Sweden Presents New Government Body Dedicated to Gender Equality

A female Swedish football team supporter behind a Swedish flag at the UEFA Women's Euro 2013 in Halmstad, Sweden, July 16, 2013. Martin Rose/Getty

Sweden has presented a new national body dedicated to achieving gender equality.

Officials have set up a central body of approximately 75 to 90 employees in the Nordic country to resolve problems of unequal pay, sexual harassment and violence against women.

The idea was first suggested in a study undertaken by the previous government in autumn 2015.

The Swedish agency's powers, responsibilities and tasks are currently being decided by a committee.

Swedens new Agency for Gender Equality will be placed in Gothenburg, our director Kerstin Alnebratt will be head of the organizing committee

— Gender in Sweden (@GenderinSweden) December 15, 2016

"We are still in the midst of inequality because we don't have a national grip of and control over gender equality policy," Åsa Regnér, Minister for Children, the Elderly and Gender Equality, said at a media conference in September, The Local Sweden reported.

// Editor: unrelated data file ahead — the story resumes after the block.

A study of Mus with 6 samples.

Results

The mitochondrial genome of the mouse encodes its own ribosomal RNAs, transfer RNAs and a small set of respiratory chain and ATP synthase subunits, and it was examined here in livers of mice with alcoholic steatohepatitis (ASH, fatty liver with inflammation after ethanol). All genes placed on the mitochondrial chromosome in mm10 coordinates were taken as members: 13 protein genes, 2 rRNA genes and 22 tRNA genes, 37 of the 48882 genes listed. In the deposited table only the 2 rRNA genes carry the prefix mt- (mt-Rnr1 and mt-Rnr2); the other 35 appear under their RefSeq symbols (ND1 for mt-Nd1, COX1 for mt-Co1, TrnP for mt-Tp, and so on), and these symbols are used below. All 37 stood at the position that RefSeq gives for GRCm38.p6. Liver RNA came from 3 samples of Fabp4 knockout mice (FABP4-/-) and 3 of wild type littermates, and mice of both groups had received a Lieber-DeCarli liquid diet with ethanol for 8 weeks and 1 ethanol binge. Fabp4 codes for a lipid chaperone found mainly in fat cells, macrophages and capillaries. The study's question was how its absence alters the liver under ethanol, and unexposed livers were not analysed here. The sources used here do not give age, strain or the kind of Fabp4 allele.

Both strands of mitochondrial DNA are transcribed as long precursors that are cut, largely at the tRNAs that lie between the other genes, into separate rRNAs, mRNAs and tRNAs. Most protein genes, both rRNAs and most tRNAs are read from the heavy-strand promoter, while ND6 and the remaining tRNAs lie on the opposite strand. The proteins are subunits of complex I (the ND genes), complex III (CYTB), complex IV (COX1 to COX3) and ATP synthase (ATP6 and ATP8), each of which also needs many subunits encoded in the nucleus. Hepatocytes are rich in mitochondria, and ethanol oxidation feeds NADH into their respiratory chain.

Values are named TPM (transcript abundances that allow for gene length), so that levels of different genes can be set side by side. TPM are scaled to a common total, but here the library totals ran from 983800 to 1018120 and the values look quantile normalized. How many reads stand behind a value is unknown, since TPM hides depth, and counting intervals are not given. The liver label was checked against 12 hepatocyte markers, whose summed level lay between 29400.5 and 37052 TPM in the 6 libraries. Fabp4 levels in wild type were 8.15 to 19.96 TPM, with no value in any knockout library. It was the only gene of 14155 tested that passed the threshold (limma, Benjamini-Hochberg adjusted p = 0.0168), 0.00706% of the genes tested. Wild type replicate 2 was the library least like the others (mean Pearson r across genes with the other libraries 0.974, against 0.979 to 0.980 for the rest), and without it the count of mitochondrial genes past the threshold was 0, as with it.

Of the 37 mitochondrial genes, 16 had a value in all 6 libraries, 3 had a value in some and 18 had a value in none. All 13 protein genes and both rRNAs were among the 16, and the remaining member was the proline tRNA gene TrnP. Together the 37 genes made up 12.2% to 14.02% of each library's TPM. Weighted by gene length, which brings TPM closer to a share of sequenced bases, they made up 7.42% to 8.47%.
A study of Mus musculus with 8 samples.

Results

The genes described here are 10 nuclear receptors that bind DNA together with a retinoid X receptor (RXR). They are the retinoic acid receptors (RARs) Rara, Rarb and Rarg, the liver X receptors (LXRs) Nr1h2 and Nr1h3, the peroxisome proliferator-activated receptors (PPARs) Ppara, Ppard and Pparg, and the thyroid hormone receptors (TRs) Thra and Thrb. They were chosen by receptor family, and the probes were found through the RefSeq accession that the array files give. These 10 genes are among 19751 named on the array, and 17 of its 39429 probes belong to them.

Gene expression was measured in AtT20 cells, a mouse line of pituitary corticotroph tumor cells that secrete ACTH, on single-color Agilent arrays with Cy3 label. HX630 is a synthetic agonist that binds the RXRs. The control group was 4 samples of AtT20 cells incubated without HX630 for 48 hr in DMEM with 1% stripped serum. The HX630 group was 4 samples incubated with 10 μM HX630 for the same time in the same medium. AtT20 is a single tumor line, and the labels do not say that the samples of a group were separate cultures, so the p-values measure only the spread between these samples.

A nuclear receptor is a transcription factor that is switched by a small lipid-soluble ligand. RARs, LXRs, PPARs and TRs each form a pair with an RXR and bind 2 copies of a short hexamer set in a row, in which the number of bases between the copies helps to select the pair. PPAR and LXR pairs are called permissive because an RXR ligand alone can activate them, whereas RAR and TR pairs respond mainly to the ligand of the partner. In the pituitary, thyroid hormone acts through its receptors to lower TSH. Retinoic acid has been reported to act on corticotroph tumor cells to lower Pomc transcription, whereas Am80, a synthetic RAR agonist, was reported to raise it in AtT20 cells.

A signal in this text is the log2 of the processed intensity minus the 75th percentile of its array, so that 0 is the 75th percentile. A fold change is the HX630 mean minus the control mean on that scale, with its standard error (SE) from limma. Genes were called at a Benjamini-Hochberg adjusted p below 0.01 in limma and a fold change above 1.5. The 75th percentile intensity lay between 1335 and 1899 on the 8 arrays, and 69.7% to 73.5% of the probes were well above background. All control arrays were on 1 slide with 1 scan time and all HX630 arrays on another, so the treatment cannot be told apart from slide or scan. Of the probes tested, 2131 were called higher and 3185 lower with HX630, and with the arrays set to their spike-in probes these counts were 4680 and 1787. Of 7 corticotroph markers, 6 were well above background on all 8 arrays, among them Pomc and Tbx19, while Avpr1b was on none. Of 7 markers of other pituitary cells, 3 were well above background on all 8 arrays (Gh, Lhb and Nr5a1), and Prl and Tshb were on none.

The government also presented a gender equality document in November with a 10-year national strategy for ending violence against women. The document describes policy objectives, how the implementation is to be organised and what the system for follow-up looks like. Health and education are identified as two key areas where gender equality objectives are needed.

The Local reports the gender equality agency's operations are due to launch in January 2018.